With a political science degree and experience as the battalion commander of CU Boulder’s Army ROTC unit, Shane Smith will continue training as a logistics officer at Fort Lee in Virginia, before joining the 16th Combat Aviation Regiment at Fort Lewis, Washington.
Born and raised in Shrewsbury, Massachusetts, Smith's main academic focus at CU was on international relations and Russia and Eastern Europe. He will also graduate with a certificate in peace conflict and security studies (PACS).
Smith says he was drawn to the Army ROTC program as a great way to compromise between paying for college and his desire to serve. This program is one of the top 10 Army ROTC programs across the country and the recipient of multiple MacArthur Leadership awards.
“I knew going into college that I wanted to serve, and this program and the leadership challenges it offered were very attractive to me. I come from a family of military service on both sides, and I am proud to carry on this tradition.”
“I am most proud of my time studying abroad in the Russian Federation. I always struggled with learning languages, it never came to me naturally.”
Through his time there and through some serious immersion, he was able to develop a solid language proficiency in Russian. He also was able to collect some “amazing firsthand source material” for his international relations research.
“It was an amazing four months and the best thing I've done during my time at CU.”
“My biggest challenge was balancing my time between ROTC and class. They often conflict, and ROTC eats up the majority of the free time that I have during the week.” The program is cadet-led, with the juniors and seniors doing the majority of the day work.
During this past semester, Smith was selected as the cadet battalion commander, making him the senior cadet in charge of running the program—not only here but also at the member programs in Golden and Denver. This meant he had to balance his time to ensure he was keeping up with his classes but also dedicating enough time to managing the organization.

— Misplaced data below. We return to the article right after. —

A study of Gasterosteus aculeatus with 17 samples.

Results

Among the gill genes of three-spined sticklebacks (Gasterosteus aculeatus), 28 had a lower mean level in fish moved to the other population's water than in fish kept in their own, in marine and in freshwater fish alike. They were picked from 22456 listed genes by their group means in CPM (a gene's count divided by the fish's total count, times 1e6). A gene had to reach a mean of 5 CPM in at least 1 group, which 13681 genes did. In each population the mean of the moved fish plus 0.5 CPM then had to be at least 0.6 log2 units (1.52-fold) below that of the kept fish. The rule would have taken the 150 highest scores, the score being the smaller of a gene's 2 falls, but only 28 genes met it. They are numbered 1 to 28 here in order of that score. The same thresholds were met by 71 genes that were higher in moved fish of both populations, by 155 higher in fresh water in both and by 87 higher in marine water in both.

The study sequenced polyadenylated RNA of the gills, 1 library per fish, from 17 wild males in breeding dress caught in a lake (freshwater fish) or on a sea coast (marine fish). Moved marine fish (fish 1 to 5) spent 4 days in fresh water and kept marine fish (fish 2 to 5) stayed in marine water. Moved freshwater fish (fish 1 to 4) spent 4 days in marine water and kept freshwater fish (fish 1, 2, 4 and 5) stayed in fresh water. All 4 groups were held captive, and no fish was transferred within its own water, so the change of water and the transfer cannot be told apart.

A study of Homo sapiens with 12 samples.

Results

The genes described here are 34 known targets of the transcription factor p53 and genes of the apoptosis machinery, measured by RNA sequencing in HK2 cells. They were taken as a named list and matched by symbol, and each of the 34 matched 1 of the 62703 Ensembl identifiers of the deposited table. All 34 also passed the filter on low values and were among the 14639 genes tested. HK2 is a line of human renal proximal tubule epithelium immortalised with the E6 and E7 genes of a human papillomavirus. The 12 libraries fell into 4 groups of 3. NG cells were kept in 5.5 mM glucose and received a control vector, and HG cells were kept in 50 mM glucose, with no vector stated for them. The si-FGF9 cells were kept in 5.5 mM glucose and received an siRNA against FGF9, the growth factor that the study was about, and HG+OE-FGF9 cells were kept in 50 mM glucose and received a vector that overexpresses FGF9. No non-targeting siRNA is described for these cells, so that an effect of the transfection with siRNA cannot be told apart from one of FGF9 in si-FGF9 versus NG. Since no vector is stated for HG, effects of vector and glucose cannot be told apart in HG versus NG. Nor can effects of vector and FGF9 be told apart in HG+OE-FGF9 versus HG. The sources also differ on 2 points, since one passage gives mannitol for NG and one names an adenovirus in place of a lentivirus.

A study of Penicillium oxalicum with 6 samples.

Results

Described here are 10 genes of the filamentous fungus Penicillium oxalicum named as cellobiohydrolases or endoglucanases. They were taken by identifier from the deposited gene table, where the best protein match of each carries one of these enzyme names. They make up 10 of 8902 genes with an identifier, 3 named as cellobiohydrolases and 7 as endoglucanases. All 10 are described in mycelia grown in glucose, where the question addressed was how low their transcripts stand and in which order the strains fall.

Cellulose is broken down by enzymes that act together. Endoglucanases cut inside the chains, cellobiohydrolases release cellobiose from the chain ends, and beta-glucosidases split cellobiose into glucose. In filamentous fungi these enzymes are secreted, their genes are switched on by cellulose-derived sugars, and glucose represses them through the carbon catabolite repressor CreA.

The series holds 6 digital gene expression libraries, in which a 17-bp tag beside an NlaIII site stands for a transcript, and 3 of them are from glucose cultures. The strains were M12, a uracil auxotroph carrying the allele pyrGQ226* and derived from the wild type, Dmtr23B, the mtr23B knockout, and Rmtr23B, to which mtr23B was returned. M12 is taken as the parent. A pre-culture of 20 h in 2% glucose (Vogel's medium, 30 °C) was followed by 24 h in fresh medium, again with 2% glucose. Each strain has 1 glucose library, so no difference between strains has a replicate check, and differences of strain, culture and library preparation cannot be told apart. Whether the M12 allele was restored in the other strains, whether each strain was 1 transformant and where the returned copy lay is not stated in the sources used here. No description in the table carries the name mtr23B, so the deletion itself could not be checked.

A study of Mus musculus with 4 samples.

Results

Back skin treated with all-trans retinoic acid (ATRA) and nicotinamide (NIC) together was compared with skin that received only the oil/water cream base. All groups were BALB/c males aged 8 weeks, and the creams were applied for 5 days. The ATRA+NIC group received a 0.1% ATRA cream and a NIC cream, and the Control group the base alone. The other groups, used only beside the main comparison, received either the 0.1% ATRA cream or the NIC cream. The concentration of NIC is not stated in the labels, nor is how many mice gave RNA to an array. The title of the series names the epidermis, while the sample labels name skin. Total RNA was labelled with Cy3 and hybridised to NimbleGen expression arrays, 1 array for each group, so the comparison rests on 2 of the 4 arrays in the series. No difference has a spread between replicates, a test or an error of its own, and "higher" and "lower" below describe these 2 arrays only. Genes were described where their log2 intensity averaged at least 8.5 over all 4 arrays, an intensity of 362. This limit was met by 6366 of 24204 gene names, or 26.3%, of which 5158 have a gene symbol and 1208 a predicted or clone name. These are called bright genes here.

“I conquered it through many late nights and with the assistance of a great staff. Managing this organization has been a team effort, and I am proud of all of us for making it through.
“The program has a high attrition rate, and of the 50 of us who started in my class freshman year, 15 will be commissioned as officers this spring.”
...the best way to make the changes you want to see in your life are to get up early and go get it.”
After graduating from CU Boulder, Smith will be a logistics officer in the Army. He will report to Fort Lee in Virginia to go to the logistics officer course, and then he is assigned to the 16th Combat Aviation Regiment out of Fort Lewis, Washington, as his first permanent station.
His long-term goals include graduate education and research in the field of international relations and security studies. He also wants to advance his knowledge and speaking ability in the Russian language. When he leaves the Army, he hopes to work for the U.S. Intelligence Community as an analyst on political/military issues.
“My advice to CU students would be to seek out adversity and a non-traditional experience. Make it your own, and resist the urge to just go with the flow. Sometimes the best things wait upstream. You are in control of your life more than you think you are, and the best way to make the changes you want to see in your life are to get up early and go get it.”